I went to a wonderful event last spring called, Weaving the Chains: Heritage Grains and CSAs. It was put on by Farm Folk City Folk (FFCF). They are part of a grain revival movement in BC. Until the 1940’s, grain was being grown here in significant quantities, but the Prairies finally muscled us out of the biz. The now famous 100-Mile dieters found sourcing grain within the region the most difficult part of their eat local experiment. They would have fared much better today from what I heard at the event.
John McKenzie from Anita’s Organic Grain and Flour Mill in Chilliwack spoke. John provides locally milled, fresh organic flour to Suzanne Fielden at the Rocky Mountain Flatbread Company. The restaurant’s motto is to “change the world through pizza”. We dined on their divine creations that evening; each pie lovingly topped with many local ingredients.
Chris Hergesheimer, Farm Folk’s grain researcher gave a snappy summary of the history of grain. He did his Masters thesis on small-scale grain initiatives in Southwestern BC. The FFCF grain project is designed to help expand production of grains, flour and bread particularly in SW BC where there are an increasing number of farmers growing grain. Chris is helping to network the growers and processors, steering them to various sales channels – “ strengthening the links in the grain chain so to speak. He is also providing workshops around planting, growing methods, harvesting, milling and baking.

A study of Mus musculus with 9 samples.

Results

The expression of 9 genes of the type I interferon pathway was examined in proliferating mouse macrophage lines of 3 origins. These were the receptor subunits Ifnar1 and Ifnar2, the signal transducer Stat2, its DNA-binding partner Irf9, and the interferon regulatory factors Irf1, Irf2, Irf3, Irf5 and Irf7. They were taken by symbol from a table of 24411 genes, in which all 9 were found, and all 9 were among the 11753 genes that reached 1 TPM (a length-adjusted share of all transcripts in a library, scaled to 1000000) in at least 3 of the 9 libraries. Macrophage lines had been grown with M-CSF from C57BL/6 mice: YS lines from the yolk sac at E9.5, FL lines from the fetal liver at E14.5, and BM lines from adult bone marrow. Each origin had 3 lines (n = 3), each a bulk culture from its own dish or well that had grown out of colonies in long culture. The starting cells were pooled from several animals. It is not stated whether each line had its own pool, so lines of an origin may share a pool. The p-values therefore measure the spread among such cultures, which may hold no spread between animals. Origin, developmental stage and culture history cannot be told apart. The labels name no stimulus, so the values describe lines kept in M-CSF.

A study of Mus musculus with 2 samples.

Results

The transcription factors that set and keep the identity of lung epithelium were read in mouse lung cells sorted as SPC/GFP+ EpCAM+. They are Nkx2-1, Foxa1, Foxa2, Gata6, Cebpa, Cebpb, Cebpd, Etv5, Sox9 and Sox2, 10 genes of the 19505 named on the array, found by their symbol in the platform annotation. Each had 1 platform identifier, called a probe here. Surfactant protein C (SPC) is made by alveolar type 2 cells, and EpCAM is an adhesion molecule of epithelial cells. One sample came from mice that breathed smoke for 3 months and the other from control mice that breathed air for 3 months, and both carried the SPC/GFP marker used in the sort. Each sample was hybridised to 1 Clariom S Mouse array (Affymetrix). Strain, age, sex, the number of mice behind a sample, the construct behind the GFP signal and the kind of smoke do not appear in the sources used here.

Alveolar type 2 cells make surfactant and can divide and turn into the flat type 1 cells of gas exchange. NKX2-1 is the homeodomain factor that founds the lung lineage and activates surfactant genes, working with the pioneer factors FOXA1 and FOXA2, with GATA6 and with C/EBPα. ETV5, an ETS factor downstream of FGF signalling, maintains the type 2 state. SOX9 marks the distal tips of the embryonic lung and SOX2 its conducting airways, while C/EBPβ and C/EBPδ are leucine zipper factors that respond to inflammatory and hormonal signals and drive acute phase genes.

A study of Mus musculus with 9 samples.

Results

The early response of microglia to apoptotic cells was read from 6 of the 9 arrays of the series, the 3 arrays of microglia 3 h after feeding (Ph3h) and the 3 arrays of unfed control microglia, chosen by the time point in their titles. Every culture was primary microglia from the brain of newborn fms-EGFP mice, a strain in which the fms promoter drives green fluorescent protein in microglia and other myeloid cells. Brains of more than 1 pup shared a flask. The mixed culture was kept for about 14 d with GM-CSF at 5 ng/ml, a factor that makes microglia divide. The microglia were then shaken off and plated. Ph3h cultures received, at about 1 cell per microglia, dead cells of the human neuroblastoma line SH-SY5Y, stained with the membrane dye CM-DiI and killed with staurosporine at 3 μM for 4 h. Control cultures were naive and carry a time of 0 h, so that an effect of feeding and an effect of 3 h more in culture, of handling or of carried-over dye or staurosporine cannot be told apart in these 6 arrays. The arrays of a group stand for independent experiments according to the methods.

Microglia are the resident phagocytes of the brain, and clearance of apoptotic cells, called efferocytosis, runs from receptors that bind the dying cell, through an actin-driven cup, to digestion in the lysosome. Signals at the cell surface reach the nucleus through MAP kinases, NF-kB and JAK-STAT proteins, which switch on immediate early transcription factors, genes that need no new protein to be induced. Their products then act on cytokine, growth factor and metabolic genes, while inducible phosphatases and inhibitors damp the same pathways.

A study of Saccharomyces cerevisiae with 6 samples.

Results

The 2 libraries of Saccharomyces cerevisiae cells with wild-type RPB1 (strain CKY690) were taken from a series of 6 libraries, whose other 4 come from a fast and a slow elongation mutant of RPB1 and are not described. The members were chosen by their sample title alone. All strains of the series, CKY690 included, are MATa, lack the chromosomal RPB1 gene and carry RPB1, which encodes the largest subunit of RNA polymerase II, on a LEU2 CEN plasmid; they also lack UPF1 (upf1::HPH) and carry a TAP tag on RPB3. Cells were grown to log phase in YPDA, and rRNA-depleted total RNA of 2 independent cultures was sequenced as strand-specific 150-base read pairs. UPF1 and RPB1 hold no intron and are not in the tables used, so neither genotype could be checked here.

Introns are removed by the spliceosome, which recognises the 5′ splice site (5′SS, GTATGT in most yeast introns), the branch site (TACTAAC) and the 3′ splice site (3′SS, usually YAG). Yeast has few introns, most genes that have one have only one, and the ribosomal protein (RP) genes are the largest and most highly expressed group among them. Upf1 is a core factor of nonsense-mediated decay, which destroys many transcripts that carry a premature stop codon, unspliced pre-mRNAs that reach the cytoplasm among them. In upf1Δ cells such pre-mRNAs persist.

Chris told us about the clusters of activity happening all around the province. One such activity is a grain CSA, or community shared agriculture initiative. The two young people, Martin Twigg and Ayla Harker, who have started Urban Grains were also there. Their enthusiasm was contagious. Members will receive a combo of about 40 pounds of fall-sown winter wheat, triticale (a cross between wheat and rye) and hard red spring wheat (best for bread), all grown by a farmer in Agassiz.
Robert Giardino from the Heritage Grains Foundation spoke as well. The Foundation is dedicated to the cultivation and preservation of open-pollinated, non-gmo (genetically modified organisms) strains; so seeds that can be collected and grown from year to year and varieties that were available prior to the 20th century. He also had a great display of heritage grains and small mills.
There were shopping opps too. Picked up a copy of Demeter’s Wheats by local grain historian, Sharon Rempel and a bag of flour from Sea Bluff Farm on the Island. It came with a little recipe book filled with step-by-step instructions for successful pancakes, honey cake and scones. And just for fun, those who were energetic after all that pizza, could jump onto a pedal-powered grinder and give the rest of us a milling demo.
I ran into another link in the chain when I was in Kelowna this summer. Fieldstone Granary in Armstrong produces organic spelt, buckwheat, flax, barley, oats and various other whole grains. They source first from Okanagan grain farmers, then BC, then the Prairies. They sell the whole grains to retain their freshness and nutritional quality and encourage their customers to grind their own cereal and flour as they need it. They sell a number of countertop mills on their web site.
There’s another cool initiative happening up in the Kootenays: The Nelson-Creston CSA, the first in the province. Urban Grains was inspired by this project. They’ve created a lot of interest while building their local grain economy, partly because they are transporting their product from Nelson to the southern shores of Kootenay Lake by sailboat! A whole fleet of them! The grain chain, woven on waves.